AASHTO Journal

PennDOT Trains Driver License Staff on Ways to Help Detect, Fight Human Trafficking

In an effort to help combat human trafficking, Pennsylvania Gov. Tom Wolf announced that the state Department of Transportation is training its Driver License Center staff on how to notice signs of a potential trafficking situation.

PennDOT said it is working with the Pennsylvania Public Transportation Association to help arrange the training for transit operators as well, and is sharing trafficking awareness information with truckers and other commercial vehicle drivers who visit state Driver License Centers.

capitol0816.jpg"Human trafficking has sadly become a worldwide problem and developed into a $32 billion a year trade," said PennDOT Secretary Leslie Richards. "We at PennDOT are doing our part to help spot victims and get them assistance."

Other state DOTs have also taken steps to increase awareness and reporting of potential slavery and trafficking situations, either through licensing or enforcement units.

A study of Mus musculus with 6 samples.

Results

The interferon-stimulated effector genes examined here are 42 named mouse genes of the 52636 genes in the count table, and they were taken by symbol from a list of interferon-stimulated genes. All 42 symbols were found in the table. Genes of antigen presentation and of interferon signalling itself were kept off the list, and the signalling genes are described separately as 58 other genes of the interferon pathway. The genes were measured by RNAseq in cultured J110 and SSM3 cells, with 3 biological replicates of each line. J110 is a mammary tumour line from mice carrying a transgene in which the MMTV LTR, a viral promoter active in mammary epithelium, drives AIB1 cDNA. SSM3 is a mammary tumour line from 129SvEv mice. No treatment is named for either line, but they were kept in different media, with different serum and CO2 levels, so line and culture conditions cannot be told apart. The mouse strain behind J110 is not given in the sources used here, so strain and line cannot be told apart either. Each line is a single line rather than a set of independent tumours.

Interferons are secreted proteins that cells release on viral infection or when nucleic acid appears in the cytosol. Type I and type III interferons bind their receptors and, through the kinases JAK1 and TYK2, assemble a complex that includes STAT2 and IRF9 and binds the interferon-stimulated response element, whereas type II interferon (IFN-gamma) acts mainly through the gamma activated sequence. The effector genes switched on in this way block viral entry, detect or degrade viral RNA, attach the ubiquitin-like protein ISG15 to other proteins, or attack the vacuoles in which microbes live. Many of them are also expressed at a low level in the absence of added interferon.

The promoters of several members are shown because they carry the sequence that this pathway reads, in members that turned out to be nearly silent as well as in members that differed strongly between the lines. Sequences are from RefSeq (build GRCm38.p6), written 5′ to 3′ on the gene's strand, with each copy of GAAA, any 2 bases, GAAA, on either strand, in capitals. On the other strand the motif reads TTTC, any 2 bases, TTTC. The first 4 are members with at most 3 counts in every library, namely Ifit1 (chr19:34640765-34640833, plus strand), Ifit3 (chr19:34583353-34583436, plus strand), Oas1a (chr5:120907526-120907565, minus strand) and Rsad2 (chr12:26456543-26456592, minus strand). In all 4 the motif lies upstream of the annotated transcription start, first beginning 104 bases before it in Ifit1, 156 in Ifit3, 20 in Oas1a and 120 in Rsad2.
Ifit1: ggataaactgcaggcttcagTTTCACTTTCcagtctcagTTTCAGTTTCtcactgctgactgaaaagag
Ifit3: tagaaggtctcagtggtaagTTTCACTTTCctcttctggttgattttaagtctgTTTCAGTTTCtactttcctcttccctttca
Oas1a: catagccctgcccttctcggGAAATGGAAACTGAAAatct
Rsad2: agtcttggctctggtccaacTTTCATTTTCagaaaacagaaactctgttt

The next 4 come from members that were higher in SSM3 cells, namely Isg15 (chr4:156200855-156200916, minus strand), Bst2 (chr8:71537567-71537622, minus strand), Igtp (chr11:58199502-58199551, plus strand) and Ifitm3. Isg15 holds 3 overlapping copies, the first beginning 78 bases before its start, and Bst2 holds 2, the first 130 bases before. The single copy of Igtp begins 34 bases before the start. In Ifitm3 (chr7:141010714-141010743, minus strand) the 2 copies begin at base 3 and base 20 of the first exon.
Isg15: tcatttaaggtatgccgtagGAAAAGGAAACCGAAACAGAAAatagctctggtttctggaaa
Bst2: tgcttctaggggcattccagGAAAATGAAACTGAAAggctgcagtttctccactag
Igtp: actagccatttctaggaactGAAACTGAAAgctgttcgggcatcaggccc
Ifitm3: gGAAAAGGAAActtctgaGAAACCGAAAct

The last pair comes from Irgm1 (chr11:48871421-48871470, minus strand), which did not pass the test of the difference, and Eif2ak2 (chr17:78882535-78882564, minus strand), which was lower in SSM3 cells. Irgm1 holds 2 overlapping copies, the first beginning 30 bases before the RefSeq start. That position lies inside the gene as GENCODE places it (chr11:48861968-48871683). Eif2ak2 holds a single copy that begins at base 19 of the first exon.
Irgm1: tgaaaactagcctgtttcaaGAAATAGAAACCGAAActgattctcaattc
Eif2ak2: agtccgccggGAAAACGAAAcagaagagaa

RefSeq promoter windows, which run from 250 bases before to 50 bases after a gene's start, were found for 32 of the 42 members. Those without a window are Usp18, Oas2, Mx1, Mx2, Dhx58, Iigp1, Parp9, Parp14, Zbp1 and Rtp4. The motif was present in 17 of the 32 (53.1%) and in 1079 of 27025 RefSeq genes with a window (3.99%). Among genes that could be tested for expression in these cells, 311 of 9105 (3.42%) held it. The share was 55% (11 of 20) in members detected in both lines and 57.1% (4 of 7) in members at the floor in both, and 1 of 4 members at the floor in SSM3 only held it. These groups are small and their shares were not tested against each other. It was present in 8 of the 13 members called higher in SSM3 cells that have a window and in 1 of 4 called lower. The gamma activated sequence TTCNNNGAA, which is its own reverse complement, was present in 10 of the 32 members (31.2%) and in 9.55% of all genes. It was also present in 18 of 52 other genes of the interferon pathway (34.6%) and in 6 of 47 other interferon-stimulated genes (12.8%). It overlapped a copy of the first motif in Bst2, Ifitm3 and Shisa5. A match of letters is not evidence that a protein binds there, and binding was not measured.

"I applaud Secretary Richards and PennDOT for their work to combat human trafficking," said Wolf. "Spreading awareness and training PennDOT employees on how to identify possible human trafficking victims is an important step in fighting this horrific issue."

The training, developed by PennDOT in partnership with the Villanova Law Institute to Address Commercial Sexual Exploitation, and with Truckers against Trafficking, defines trafficking and shows how victims are coerced into it. The training also instructs employees on how to call appropriate authorities, and on what information to collect if they see potential trafficking.

PennDOT said that as of Jan. 13 every transit agency director across Pennsylvania had been trained, and the department expects all Driver License Center and transit agency staff to be trained by this summer.

Additionally, PennDOT is now distributing wallet cards to holders of commercial driver's licenses and applicants at its Driver License Centers. The cards contain information regarding how to report a tip to law enforcement when suspecting human trafficking activities.

Questions regarding this article may be directed to editor@aashtojournal.org.